06 February 2016
The South Australian Museum has identified what are believed to be the world’s first opalised pearls, unearthed in Coober Pedy.
The pearls have just been tested at Australian Nuclear Science and Technology Organisation’s Lucas Heights facility using the neutron imaging instrument DINGO. They were identified as pearls by the clear concentric growth bands formed in pearl development.
They were discovered by Dale Price and Tanja Burk from TADA Opals in an area known for opalised shells.
“Finding a natural pearl is strange enough, but finding an opalised pearl is freaky,” said Mr Price.
The Museum’s Head of Earth Sciences, Dr Ben Grguric, said fossilised pearls were very rare but these specimens were the only known example of opalised pearls, likely to be from the Cretaceous period and more than 65 million years old.
“It’s extraordinary that in the vast, moon-like landscape of what was an ancient inland sea these tiny 4mm specimens have been found,” Dr Grguric said.
“What’s even more extraordinary is that opals rarely survive because the organic material in them oxidises. These are the only example of opalised pearls known in the world, we believe, which suggests that these were fossilised quickly and secluded away so they couldn’t oxidise.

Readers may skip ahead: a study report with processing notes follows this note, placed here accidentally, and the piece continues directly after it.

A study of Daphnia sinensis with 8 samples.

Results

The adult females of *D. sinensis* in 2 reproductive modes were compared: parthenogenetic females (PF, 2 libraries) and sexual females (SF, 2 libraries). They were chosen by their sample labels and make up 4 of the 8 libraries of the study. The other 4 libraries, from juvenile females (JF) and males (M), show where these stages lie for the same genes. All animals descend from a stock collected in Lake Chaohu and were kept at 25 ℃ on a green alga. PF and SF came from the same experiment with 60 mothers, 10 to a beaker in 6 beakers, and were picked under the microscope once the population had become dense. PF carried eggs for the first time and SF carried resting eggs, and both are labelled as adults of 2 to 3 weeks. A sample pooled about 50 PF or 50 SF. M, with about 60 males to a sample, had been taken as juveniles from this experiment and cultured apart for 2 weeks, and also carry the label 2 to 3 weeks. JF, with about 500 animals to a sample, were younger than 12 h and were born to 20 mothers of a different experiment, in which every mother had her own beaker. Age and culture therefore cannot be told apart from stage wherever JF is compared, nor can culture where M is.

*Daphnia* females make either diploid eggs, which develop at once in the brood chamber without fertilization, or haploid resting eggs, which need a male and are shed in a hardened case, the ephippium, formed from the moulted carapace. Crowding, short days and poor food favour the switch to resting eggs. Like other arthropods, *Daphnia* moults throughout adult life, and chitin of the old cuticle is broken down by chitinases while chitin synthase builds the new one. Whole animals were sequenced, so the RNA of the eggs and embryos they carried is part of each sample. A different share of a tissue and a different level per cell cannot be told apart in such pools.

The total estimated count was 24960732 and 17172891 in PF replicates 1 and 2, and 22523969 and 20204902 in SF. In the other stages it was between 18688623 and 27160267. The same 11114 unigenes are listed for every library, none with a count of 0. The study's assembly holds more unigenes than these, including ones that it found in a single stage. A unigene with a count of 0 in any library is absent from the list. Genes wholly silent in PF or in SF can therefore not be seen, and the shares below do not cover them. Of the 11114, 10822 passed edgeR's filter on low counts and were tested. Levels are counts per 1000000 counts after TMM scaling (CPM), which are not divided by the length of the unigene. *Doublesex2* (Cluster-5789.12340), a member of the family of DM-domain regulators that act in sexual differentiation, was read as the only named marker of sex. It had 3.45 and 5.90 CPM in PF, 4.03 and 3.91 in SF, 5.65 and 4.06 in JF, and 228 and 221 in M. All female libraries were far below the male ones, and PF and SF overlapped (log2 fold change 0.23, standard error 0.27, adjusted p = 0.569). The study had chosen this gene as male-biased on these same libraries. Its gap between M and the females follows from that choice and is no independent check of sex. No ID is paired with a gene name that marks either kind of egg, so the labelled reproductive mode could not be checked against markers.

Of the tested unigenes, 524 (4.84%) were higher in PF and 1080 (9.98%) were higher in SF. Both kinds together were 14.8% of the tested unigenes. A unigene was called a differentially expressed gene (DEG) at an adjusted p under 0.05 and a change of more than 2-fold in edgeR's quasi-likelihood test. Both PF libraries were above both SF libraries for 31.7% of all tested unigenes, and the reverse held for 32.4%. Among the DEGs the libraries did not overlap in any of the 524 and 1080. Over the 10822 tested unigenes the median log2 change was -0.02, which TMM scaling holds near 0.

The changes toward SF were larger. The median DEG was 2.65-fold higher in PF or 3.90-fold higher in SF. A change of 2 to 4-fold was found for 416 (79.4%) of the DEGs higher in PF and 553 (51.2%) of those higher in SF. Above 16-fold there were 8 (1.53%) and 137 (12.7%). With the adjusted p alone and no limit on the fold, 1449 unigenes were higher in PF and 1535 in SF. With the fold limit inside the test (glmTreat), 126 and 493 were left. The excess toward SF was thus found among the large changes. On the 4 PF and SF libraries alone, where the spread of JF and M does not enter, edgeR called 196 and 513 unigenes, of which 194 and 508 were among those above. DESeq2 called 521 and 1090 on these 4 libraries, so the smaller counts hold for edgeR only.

“They may even reveal something about the origin of pearls, which is still a mystery.”
Museum director Brian Oldman said the Museum was thrilled to have the opalised pearls on loan for the Opals exhibition.
“This precious discovery is a world first, and the pearls make a very special addition to the Opals exhibition in its last week,” he said.
The opalised pearls are now on display in the Opals exhibition which ends on 14 February.
For more information contact: Thea Williams, Communications Officer. Mob: 0466 389 019
About the South Australian Museum
The Museum cares for a wealth of treasures with national and international significance – it is one of Australia’s most admired and trusted scientific and cultural institutions. The Museum’s world class collections have been amassed over more than 150 years and encompass everything from fossils of the first known life on Earth to pieces of Martian meteorites. The Museum’s collections are still growing and used each day in scientific and cultural research.